Topic: F. Clinical Cardiothoracic/Vascular
Quantifying the Importance of Intercostal Revascularization in Thoracoabdominal Aortic Surgery
Charles W Acher, Martha M Wynn, Mathew Mell, Girma Tefera, John Hoch
University of Wisconsin, Madison, WI
OBJECTIVE(S): We previously demonstrated an 80% reduction in paraplegia risk using a paradigm that maximizes metabolic protection and collateral perfusion with moderate hypothermia, endorphin receptor antagonist, steroids, cerebrospinal fluid drainage, intercostal ligation, and optimizing hemodynamic parameters. This report details paraplegia risk factors and demonstrates that intercostal revascularization for the last 3 years further reduced our paraplegia risk index by 75%.
METHODS: We evaluated 637 patients who had thoracic or thoracoabdominal aneurysm repair for factors that affected paraplegia risk including aneurysm extent, acuity, cardiac function, blood pressure(MAP), and cerebrospinal fluid drainage with naloxone(CSFDN). We evaluated the effect of intercostal reimplantation(IRP) using a highly accurate (r2>0.88) paraplegia risk index we developed and published previously.
RESULTS: Fifty-eight percent of patients were male with a mean age of 67. Thirty-four percent were acute with rupture, acute dissection, mycotic aortitis, and trauma. Seventy-six(22%) had dissections. There were 35 patients with postoperative paraplegia or paraparesis(5.4%). Significant factors by univariate analysis were Crawford Type 2(p<.0001), acuity(p=.0102), CSFDN(p=.0144), cardiac index(p=.0286), MAP during crossclamp(p=.0279), and IRP(p=.0290). In multivariate modeling, aneurysm extent, CSFDN, and acuity remained significant (p<.02). The paraplegia risk index declined from 0.20 to 0.05(p<.03).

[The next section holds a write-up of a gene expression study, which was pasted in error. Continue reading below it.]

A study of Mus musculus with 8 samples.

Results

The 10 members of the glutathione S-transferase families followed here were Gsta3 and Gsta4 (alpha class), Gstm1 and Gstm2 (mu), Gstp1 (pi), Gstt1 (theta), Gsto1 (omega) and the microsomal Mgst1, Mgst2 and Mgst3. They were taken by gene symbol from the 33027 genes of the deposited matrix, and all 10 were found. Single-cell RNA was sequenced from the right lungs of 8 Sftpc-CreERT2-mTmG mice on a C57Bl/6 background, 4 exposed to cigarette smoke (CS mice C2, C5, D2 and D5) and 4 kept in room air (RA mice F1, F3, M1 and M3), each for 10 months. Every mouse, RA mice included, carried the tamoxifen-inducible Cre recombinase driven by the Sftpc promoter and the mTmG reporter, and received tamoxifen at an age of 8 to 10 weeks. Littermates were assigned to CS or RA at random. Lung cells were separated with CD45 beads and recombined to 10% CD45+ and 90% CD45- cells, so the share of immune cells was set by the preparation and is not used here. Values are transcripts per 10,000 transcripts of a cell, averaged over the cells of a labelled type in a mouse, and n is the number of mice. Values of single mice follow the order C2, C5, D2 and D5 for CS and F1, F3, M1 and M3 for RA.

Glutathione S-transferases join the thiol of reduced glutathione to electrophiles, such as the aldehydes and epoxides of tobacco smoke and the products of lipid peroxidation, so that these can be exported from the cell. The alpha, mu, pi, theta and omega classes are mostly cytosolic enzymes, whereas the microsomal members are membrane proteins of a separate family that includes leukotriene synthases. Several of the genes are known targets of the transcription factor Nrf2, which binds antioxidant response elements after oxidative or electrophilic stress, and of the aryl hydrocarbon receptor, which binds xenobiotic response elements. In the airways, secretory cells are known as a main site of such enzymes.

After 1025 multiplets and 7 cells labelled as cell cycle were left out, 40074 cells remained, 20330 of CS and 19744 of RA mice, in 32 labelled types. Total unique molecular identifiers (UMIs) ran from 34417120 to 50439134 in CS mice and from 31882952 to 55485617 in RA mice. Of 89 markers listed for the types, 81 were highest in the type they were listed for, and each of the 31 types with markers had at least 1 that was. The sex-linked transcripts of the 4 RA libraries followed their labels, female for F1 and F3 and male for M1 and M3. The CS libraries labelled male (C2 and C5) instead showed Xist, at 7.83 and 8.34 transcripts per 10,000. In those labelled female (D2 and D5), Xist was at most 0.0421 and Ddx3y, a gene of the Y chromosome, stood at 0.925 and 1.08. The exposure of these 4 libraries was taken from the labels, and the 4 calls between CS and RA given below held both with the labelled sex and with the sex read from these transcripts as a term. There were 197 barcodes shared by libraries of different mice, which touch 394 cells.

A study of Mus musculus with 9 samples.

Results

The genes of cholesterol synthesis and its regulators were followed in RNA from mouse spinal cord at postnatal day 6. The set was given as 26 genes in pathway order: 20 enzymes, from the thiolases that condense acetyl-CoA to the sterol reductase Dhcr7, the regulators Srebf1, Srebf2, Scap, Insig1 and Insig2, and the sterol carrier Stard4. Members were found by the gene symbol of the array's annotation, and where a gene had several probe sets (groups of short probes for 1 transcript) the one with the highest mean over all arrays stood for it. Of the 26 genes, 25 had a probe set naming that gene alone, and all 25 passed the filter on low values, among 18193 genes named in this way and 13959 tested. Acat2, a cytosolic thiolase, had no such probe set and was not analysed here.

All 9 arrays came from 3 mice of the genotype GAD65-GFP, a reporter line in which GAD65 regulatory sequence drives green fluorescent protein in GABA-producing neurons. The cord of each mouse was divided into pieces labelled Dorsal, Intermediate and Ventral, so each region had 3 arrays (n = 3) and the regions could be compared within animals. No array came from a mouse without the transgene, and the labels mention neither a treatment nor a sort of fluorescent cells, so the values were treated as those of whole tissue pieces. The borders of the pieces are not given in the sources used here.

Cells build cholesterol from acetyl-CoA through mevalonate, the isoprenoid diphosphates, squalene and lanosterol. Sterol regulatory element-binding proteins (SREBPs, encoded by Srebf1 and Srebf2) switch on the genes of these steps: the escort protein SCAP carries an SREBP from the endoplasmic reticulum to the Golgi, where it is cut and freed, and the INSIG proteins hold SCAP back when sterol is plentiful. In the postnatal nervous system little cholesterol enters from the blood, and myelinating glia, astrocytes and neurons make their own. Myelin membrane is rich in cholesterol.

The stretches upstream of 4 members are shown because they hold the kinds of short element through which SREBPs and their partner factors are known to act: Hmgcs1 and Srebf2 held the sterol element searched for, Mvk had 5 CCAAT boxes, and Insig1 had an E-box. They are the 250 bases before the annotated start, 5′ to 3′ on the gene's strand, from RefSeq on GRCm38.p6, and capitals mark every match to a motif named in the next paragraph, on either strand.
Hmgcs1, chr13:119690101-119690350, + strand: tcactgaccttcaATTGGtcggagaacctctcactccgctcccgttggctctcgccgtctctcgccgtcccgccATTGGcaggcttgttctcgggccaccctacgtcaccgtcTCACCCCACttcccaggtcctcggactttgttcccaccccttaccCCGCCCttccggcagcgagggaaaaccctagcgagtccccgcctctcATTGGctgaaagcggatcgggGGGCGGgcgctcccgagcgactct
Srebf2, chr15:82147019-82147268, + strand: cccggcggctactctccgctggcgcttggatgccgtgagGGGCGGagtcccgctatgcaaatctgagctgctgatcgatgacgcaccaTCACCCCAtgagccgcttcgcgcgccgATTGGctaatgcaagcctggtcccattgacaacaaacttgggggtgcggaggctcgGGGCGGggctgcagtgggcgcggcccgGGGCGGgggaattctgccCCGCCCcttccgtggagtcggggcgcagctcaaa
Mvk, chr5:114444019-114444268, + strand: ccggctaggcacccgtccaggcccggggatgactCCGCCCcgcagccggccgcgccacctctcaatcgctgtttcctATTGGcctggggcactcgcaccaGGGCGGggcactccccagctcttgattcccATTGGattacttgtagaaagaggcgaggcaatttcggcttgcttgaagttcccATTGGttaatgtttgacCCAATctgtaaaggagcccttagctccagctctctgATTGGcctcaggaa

CONCLUSIONS: These findings suggest that factors which affect collateral blood flow and metabolism account for approximately 80% of paraplegia risk and intercostal blood flow accounts for 20% of risk. This suggests a significant limit to paraplegia risk reduction in thoracoabdominal endograft patients. Early results in this emerging field support this prediction of high paraplegia risk with thoracoabdominal branched endografts with extensive aortic coverage.